DHTML Menu, (c)2004 Apycom
  Volume 3 - Issue 6
JUNE 2005


Rising from the Ashes

There is something in our human spirit that can never be destroyed. How do we live from that place within us, at a time when the fires of destruction have challenged our peace of mind? The world's sages say that if we connect ourselves to the highest qualities of human excellence, we may live in harmony. [After a spate of recent wildfires,] on many areas of our local hills there is nothing to see but rock [and charred homes]. Somehow those rocks remain imperturbable. In the months ahead I shall seek to connect to the qualities of forbearance, fortitude, patience, and courage—to that firmness of spirit which, like those rocks, stands strong in the face of adversity. I shall try to avoid depression over the devastated landscape by recognizing that life is a cycle, and that beauty will inevitably be formed anew.

When I walk along our hillside paths and come across the bodies of animals that seem to deny the lives that once thrived within them, I shall try to remember that when I speak harshly, I allow the fire of hatred to burn another. When I hike into an area to find contemplation and solitude, I am instead overcome by the loss of green and shade once given by the trees. I shall try to remember that when I ignore the suffering of another, my heart dries up, loses its ability to give the shade of comfort to my neighbor in need, and I become less than human.

At midnight, when I awaken, agitated by thoughts of a friend's selfish behavior, and lie there smug in self-righteousness, I shall try to remember that the faults I see in others are my own, and that when the fire of anger burns in my heart, health of body and inner peace are burned with it.

The next time someone asks me to do something I don't feel like doing, something that will give happiness to someone or make another life a little easier, I shall try 'remembering the firefighters who risked their lives for us' to help, in spite of overwork and exhaustion. If someone attempts to control or manipulate me, I shall recall the wild blaze leaping over the hills, and realize that the greedy flames of human tyranny have no real hold over anyone, that a universal power controls our world. The next time someone tries to take over my life, I shall try to withhold panic, and remain calm, unaffected, and secure.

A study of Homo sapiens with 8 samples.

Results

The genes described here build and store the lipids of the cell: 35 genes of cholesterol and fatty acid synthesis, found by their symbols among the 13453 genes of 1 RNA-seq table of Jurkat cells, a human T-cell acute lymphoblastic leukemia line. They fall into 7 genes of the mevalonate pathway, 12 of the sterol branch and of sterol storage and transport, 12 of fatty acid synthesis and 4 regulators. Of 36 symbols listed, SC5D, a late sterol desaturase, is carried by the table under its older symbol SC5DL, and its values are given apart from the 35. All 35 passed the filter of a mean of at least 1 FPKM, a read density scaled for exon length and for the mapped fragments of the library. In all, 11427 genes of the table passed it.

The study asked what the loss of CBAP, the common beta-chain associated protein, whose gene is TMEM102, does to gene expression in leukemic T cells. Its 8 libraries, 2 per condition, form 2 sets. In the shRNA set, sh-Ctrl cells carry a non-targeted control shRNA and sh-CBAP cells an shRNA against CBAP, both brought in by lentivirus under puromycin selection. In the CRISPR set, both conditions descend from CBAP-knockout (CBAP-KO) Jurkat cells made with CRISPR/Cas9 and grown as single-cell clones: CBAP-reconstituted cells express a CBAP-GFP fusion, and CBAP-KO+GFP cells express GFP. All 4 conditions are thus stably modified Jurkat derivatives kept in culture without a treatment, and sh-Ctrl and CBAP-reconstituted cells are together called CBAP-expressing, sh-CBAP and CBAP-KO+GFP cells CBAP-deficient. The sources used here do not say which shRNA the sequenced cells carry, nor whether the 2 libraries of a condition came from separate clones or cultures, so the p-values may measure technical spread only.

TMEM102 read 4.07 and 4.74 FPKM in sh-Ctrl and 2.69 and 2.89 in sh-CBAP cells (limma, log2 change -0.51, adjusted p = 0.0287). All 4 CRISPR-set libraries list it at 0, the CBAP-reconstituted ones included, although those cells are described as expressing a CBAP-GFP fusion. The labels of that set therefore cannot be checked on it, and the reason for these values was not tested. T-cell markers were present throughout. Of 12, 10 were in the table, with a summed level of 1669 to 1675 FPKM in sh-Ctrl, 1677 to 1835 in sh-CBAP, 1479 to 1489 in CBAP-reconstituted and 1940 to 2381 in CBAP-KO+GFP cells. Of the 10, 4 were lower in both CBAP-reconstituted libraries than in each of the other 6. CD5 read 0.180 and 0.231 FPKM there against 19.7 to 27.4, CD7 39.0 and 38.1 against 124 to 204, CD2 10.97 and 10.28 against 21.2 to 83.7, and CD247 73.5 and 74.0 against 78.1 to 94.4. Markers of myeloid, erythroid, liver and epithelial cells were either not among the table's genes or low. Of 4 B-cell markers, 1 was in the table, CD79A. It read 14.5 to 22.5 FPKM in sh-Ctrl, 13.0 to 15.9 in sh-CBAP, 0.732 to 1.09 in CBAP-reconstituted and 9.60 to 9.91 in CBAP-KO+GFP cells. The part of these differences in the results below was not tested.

When it is possible once again to drive into the canyons, there to stare in sadness at our impure streams, I shall try to recognize that sorrow comes from clinging to desire-a desire for life to be other than it is. Instead, I will try to cling to the Creator rather than the creation, which is forever subject to death and decay. I shall try to remember that to rage at life for all that has happened out there, to rage at the arsonists, or at any misfortune, is to be burned by the futile inferno of ingratitude, bitterness, fear, and thwarted desire - attitudes that have no lofty place in the grand scheme of our universe.

The heart of our areas still stands. Here, where people tread so many different paths to reach the spirit, we have come together for a few days, forgotten our differences, and touched one another. We have experienced a new joy, a feeling that we are here on earth to help each other, that we need each other, and that through danger and crises, we come to unite, share, and realize that none of us is really alone.

- Joan Englander
(from the Sathya Sai Newsletter, USA, July-Aug 2004)


Optimized for Netscape and Firefox. Best viewed in Internet Explorer - 1024 x 768 resolution.